Massage therapy is used to treat and prevent a wide range of diseases and adverse conditions, including stress, muscle tension, pain, inflammation and more. It’s a safe, non-invasive practice that has become increasingly popular for this very reason. You may be surprised to learn that massage therapy can also yield benefits for heart health.
Even with the advancements made in modern medicine, heart disease remains the leading cause of death among men and women in the United States. According to the Centers for Disease Control and Prevention (CDC), an estimated 600,000 people in the U.S. die from heart disease each year. While diet and exercise can lower a person’s risk of developing heart disease, there is strong evidence indicating that massage therapy can help as well.
So, how can massage therapy lower a person’s risk of developing heart disease? It is able to do this in several different ways, one of which is the positive impact it has on stress levels. Whether it’s a light-pressure or deep-tissue Swedish massage, all forms of massage are known to lower stress levels. When you experience lower stress levels, you’ll have a lower risk of developing heart disease. It’s that simple.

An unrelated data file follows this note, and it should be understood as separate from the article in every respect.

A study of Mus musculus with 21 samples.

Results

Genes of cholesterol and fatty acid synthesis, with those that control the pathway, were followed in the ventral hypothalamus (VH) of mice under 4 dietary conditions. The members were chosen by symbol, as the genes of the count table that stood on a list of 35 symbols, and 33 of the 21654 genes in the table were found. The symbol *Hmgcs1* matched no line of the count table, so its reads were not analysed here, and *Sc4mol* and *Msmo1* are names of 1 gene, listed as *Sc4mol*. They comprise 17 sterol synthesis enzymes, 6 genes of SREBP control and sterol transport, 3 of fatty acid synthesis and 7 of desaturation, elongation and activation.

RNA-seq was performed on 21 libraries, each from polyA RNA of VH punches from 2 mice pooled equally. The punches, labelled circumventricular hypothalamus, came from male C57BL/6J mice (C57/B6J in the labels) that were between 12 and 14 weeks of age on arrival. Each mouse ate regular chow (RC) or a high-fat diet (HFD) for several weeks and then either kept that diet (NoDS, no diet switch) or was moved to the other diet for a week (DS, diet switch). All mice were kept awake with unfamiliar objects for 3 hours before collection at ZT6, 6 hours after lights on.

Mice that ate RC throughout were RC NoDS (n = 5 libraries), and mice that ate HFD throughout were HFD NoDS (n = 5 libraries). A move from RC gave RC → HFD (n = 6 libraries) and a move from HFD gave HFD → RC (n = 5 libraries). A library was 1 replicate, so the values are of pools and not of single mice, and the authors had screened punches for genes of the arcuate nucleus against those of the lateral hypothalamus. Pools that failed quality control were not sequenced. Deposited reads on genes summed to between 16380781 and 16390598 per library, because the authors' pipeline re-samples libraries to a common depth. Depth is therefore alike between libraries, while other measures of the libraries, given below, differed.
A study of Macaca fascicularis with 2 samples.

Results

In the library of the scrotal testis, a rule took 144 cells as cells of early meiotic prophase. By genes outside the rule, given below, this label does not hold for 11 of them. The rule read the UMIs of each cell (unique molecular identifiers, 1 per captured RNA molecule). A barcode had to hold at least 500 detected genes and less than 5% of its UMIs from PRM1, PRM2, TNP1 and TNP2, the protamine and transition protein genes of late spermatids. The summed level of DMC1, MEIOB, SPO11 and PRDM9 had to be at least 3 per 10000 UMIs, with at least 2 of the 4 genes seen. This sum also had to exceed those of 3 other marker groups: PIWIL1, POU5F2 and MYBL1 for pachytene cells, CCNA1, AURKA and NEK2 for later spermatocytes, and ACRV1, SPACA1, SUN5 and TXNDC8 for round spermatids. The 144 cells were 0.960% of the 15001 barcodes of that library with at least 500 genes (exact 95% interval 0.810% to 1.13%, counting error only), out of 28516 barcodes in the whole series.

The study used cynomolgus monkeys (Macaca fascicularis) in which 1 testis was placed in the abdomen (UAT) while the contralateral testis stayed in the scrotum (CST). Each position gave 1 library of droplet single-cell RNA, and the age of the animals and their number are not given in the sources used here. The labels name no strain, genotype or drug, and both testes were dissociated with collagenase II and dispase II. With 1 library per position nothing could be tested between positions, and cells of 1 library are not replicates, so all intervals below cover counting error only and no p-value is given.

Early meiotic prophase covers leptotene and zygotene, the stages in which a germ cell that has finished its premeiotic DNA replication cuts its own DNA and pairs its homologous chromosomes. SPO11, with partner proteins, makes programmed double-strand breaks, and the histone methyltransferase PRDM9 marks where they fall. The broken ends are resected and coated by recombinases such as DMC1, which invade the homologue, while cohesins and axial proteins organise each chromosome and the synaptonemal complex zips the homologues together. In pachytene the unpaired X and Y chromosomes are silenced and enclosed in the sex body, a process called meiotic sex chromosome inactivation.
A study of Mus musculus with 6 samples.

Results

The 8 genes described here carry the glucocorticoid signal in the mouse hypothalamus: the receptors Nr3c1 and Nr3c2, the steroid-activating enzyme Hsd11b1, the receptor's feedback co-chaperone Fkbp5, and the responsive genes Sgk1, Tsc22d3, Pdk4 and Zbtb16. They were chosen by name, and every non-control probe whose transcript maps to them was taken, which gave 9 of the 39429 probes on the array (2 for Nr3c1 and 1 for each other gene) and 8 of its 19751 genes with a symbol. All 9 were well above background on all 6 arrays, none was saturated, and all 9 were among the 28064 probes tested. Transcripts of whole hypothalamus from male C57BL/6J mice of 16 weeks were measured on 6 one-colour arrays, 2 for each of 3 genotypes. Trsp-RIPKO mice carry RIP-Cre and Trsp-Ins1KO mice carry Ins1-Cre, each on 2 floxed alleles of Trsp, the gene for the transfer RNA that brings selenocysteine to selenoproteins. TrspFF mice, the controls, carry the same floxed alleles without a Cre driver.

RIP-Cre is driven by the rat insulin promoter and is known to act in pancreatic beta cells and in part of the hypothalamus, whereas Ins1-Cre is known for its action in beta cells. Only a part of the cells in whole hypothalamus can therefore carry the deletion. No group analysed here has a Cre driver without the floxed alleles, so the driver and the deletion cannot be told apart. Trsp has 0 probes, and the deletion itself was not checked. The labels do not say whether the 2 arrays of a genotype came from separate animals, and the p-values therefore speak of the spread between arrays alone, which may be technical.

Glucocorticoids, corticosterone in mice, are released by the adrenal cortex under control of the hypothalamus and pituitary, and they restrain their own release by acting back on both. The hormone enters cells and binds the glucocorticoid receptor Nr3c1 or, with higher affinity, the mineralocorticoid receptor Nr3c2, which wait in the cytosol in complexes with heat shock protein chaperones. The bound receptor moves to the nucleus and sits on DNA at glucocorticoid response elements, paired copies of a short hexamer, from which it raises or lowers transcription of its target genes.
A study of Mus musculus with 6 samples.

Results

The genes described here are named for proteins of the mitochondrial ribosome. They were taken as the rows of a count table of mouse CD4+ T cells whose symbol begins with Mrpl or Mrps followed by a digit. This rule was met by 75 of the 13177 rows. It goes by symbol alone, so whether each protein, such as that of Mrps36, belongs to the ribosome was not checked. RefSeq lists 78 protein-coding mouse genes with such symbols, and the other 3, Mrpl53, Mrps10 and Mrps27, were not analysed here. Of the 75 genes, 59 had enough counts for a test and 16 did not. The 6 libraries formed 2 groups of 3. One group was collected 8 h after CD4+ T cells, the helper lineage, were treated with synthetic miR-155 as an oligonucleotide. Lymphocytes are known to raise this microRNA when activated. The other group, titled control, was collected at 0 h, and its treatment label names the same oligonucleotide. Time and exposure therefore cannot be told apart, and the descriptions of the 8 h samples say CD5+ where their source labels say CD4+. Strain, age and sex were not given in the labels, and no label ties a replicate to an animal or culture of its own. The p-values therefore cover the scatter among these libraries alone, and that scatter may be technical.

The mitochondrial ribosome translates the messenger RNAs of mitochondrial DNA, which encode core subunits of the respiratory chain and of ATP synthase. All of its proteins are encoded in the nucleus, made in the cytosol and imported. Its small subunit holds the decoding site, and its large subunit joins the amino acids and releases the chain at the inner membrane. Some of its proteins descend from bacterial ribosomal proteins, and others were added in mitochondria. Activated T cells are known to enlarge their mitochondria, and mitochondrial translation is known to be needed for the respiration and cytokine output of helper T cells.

Massage therapy can also work to lower blood pressure levels, which is a major risk factor of heart disease. A study was conducted recently in which 50 people with elevated blood pressure were given 15-minute massages three times a week. By the end of the sessions, the group who received massage therapy had lower blood pressure levels than the control group who didn’t. (source).
It’s important to note that massage alone will not protect you from heart disease. While there’s strong evidence suggesting that it can help, it’s not a fool-proof means to prevent heart disease. If you are looking to further lower your risk, it’s recommended that you adjust your diet to focus on lean meats such as fish, fresh vegetables, fruit, and whole grains. In addition, you should strive for a minimum of 30 minutes of moderate-intensity exercise per day. Whether it’s running, jogging, using the elliptical, etc., staying active is paramount to maintaining a healthy heart.